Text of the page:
International Tobacco Policy Survey

Abstract

The broad objective of the proposed project is to evaluate and understand the psychosocial and behavioral effects of several national-level tobacco control policies that are scheduled or likely to be implemented in at least one of the four largest English-speaking countries — United States, Canada, United Kingdom, and Australia — over the next three years. In a prospective cohort design, the participants are 2,000+ adult smokers in each country (total N=9,013) who respond to a 45-minute telephone survey every 8 months for 5 years. The ITC survey had its successful launch in fall 2002 and second wave in summer 2003, and funds are being requested to continue support for years 3-5. The survey includes measures of smoking behavior, psychosocial predictors of smoking and quitting, and policy-relevant variables in five major policy domains:

  1. enhancement of warning labels
  2. elimination or restriction of the terms “light” or “mild” as cigarette brand descriptors
  3. elimination or restrictions on advertising and promotion of tobacco products
  4. changes in price and taxatio
  5. alternative nicotine products (e.g., products that heat, rather than burn, tobacco). The quasi-experimental design includes both between-country controls and within-country controls and will thus allow rigorous tests of national-level policies that heretofore have not been systematically evaluated.

There are 7 specific aims:

  1. to examine whether a policy introduced in one country will affect self-reported smoking behavior, in comparison to other countries where that policy is not changing
  2. to examine whether a policy introduced in one country will enhance policy-relevant psychosocial variables, that is, those that are closely related to the policy, in comparison to other countries where that policy is not changing
  3. to examine whether a policy introduced in one country will lead to enhance levels of psychosocial variables known to be related to smoking and quitting behavior, in comparison to other countries where that policy is not changing
  4. to examine whether the effects of tobacco control policies may be offset by compensatory behaviors (e.g., price increases leading to shifts toward discount brands rather than to quitting)
  5. to examine whether the effects of tobacco control policies are moderated by situational and individual-difference factors
  6. to identify the psychosocial mechanisms that may explain how tobacco control policies achieve (or fail to achieve) their goals
  7. to identify similarities and differences across the four countries in the factors that relate to smoking and cessation.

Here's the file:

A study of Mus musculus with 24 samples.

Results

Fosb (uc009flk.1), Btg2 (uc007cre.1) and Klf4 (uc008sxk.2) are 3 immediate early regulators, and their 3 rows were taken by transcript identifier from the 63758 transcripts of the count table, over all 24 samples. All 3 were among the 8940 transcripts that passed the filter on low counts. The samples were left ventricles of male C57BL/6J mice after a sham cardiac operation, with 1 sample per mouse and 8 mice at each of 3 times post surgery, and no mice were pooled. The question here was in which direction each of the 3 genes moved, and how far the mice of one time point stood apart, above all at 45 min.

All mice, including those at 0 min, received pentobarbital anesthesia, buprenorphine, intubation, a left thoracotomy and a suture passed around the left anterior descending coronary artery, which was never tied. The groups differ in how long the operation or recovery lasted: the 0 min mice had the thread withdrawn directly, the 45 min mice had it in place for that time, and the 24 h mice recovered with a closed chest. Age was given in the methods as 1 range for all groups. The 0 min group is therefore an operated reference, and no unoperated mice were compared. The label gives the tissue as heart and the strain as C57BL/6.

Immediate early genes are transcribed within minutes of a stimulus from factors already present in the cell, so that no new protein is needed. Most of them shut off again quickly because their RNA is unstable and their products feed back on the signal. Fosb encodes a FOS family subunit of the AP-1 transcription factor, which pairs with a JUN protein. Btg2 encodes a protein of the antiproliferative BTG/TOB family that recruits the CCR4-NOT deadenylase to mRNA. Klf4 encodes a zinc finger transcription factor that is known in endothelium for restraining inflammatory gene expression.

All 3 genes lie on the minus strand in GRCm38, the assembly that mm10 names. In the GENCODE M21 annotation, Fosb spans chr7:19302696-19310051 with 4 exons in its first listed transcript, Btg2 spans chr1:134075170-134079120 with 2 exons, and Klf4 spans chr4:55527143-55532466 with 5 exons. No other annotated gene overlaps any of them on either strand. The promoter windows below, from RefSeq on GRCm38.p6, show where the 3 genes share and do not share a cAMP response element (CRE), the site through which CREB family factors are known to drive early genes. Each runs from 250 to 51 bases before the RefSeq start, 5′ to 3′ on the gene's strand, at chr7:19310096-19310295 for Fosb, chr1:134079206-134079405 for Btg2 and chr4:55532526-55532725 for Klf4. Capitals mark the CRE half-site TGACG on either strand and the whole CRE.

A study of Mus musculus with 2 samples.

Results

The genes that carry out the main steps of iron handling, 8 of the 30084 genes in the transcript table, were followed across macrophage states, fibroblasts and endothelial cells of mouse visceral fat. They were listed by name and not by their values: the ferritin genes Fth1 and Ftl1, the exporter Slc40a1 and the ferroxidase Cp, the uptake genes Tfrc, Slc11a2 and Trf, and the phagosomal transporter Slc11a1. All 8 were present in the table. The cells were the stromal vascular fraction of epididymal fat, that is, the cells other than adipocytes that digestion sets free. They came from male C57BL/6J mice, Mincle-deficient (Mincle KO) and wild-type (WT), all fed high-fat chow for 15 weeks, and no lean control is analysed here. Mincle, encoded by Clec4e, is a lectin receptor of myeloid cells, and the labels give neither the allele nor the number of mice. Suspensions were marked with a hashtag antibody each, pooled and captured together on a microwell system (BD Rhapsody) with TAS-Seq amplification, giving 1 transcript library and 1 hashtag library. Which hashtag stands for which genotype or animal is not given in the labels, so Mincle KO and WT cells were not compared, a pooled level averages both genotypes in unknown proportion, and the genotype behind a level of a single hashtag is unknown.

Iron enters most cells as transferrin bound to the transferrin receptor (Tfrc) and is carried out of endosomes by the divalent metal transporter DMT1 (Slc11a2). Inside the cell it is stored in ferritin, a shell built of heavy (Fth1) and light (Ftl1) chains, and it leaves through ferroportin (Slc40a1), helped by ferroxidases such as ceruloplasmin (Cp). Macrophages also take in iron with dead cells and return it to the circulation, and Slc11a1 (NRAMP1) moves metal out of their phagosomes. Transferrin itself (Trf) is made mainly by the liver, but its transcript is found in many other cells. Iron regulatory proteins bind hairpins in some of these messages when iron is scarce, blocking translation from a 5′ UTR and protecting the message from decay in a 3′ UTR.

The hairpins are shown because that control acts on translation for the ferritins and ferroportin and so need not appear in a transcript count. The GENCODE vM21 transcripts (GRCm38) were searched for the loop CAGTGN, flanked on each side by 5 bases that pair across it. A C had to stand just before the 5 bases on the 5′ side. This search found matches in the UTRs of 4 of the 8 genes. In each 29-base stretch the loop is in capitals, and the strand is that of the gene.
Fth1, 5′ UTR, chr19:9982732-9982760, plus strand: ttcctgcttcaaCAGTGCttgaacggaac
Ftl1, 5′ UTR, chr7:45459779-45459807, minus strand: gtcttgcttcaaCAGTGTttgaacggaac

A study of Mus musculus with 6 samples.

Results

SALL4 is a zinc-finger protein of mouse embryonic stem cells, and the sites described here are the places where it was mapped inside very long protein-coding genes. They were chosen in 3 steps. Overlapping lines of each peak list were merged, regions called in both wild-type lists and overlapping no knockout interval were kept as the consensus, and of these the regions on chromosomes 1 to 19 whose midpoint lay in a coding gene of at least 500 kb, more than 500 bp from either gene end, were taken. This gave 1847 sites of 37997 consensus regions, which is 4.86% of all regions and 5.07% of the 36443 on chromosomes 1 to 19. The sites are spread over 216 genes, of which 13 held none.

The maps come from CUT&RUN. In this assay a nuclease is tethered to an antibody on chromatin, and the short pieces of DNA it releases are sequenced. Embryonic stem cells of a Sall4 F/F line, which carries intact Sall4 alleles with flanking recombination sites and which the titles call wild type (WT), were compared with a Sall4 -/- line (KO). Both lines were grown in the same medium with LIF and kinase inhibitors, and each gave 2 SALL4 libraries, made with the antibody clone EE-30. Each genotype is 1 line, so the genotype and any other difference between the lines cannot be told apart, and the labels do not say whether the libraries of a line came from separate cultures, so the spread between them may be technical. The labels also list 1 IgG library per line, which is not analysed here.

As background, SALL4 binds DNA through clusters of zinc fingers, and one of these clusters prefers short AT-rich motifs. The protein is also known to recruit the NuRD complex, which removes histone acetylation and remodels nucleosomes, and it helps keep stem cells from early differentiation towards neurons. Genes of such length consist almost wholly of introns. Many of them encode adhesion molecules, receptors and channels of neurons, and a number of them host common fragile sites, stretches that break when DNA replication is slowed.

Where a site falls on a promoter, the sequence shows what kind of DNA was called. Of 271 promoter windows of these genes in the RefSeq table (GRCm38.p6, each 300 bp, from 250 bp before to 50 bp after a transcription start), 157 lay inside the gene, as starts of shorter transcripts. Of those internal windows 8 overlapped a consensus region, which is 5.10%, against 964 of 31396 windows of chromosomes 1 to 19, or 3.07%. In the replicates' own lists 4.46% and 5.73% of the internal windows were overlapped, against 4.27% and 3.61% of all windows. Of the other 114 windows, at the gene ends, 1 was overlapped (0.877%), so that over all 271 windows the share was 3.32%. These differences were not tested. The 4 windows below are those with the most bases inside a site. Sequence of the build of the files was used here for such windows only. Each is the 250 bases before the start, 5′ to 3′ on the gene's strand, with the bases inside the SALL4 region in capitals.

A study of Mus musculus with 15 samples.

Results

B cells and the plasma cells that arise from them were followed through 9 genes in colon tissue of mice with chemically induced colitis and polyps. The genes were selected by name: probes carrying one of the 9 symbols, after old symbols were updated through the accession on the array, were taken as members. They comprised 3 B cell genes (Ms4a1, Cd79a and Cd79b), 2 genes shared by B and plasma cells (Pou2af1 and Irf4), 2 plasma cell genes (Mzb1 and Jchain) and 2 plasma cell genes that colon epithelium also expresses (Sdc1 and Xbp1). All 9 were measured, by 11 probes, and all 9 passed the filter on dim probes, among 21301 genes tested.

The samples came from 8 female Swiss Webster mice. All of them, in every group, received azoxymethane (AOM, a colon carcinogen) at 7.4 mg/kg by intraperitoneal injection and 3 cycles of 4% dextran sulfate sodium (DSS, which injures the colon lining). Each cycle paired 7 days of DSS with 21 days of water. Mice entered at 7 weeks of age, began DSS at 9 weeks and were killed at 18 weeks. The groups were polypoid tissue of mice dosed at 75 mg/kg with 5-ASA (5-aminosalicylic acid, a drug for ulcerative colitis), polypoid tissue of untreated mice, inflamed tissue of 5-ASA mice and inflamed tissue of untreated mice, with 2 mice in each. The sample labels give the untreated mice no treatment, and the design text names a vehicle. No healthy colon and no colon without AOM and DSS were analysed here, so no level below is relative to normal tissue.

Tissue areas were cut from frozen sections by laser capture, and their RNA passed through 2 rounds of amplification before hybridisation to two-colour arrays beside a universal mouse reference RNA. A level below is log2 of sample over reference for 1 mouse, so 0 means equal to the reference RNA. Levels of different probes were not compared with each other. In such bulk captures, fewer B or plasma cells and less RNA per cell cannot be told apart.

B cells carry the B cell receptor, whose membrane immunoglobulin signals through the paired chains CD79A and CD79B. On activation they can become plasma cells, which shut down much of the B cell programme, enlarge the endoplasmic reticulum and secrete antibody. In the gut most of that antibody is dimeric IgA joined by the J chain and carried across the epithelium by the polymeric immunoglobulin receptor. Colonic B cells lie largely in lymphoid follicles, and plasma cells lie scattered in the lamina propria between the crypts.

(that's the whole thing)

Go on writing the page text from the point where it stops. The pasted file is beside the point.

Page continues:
This project has considerable time urgency because of the recently adopted Framework Convention on Tobacco Control–the first-ever international treaty on health–which will obligate over 190 countries (over 90% of the world’s population) to tobacco control policies that will be evaluated by this project—and has the potential to inform future tobacco control policies throughout the world. Dr. Chaloupka will take the lead, as he has in the first period of funding, in the ITC Project’s evaluation of the price/taxation policy component, and will also contribute to the evaluation efforts in other policy domains.

Affiliated Center/Program

Principal investigator
Funding Agency

National Cancer Institute of the National Institutes of Health through a subcontract from University of Waterloo.

Start date
04/01/2009
End date
07/31/2014
Total award
$66,059
About this grant

This work is part of a larger study, International Tobacco Policy Survey, funded by the National Cancer Institute (Grant No. NIH 2R01-CA100362) and directed by Dr. Geoffrey T. Fong at University of Waterloo.

Related publications


Shang C, Chaloupka FJ, Zahra N, Fong GT. The distribution of cigarette prices under different tax structures: findings from the International Tobacco Control Policy Evaluation (ITC) Project. Tob Control. 2014 Mar;23 Suppl 1:i23-i29.

Licht AS, Hyland AJ, O'Connor RJ, Chaloupka FJ, Borland R, Fong GT, Nargis N, Cummings KM. How do price minimizing behaviors impact smoking cessation? Findings from the International Tobacco Control (ITC) Four Country Survey. Int J Environ Res Public Health. 2011 May;8(5):1671-91.

Ross H, Blecher E, Yan L, Hyland A. Do cigarette prices motivate smokers to quit? New evidence from the ITC survey. Addiction. 2011 Mar;106(3):609-19.

Licht AS, Hyland AJ, O'Connor RJ, Chaloupka FJ, Borland R, Fong GT, Nargis N, Cummings KM. Socio-economic variation in price minimizing behaviors: findings from the International Tobacco Control (ITC) Four Country Survey. Int J Environ Res Public Health. 2011 Jan;8(1):234-52.

Ross H, Driezen P, Sirirassamee B, Kin F. Cigarette purchasing behaviour in Thailand and Malaysia: comparative analysis of a semi-monopolistic and a free-market structure. Glob Public Health. 2009;4(6):588-99.